CinemaCon – which typically sees Hollywood studios bring glitzy stars and never-before-seen footage to a Las Vegas casino to woo theatre bosses – did not take place at all last year as the pandemic shuttered cinemas around the world.
But with nearly 90 percent of domestic theatres now back open, Sony Pictures used its opening night presentation slot at Caesars Palace to set the tone for a returning event that is determined to prove the future of the big screen. Studio bosses showed a new trailer for its much-anticipated “Spider-Man: No Way Home” superhero sequel, before previewing “Ghostbusters: Afterlife” – a heavily nostalgic follow-up to the 1984 supernatural comedy classic – in full to a rapturous crowd.
“Over the last 19 months, there’s been a lot of doom and gloom,” said Josh Greenstein, president of Sony’s motion pictures division.
“But we know movie theatres, and the theatrical movie experience, will triumph,” he added.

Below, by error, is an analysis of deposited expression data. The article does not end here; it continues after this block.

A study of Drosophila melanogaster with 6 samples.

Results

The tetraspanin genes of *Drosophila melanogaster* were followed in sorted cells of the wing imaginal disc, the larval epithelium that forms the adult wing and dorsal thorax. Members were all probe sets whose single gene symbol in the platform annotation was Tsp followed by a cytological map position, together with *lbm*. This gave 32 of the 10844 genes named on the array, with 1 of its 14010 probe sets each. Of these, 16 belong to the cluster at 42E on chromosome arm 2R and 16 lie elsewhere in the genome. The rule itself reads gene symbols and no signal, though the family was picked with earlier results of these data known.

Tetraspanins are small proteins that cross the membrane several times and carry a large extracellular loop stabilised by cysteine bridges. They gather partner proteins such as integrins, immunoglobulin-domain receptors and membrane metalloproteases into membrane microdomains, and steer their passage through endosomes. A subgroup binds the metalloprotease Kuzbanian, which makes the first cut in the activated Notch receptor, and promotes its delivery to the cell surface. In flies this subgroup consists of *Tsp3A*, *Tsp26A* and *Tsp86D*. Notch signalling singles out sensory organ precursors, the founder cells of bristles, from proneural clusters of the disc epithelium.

The presentation also squeezed in brief footage of “Bullet Train” starring Brad Pitt, and future superhero fare including a sequel to “Venom,” and “Morbius.”
Clips from Denzel Washington’s “A Journal for Jordan” and a movie adaptation of the bestselling novel “Where the Crawdads Sing” produced by Reese Witherspoon were also shown before a longer “Spider-Man” trailer teased how the film will tie in with other popular Marvel characters including Benedict Cumberbatch’s “Doctor Strange.”
Attendees then settled in for “Ghostbusters: After Life,” introduced by its director Jason Reitman and his father Ivan, who directed the original.
Plot details are under strict embargo, but the film, set almost four decades after the first movie, finds young descendants of the original’s wise-cracking ghoul hunters picking up the mantle – and vacuum backpack.
‘Not too bright’ – CinemaCon is taking place despite fears about the Delta variant that have caused some pandemic restrictions to be reimposed on Hollywood in California, and glitzy A-listers have largely stayed away from the Las Vegas event.Organizers have forged ahead with Covid protocols in place, including proof of vaccination or a recent negative test for attendees. While Disney is largely absent, other traditional major Hollywood studios showing their wares this week include Warner, Universal and Paramount.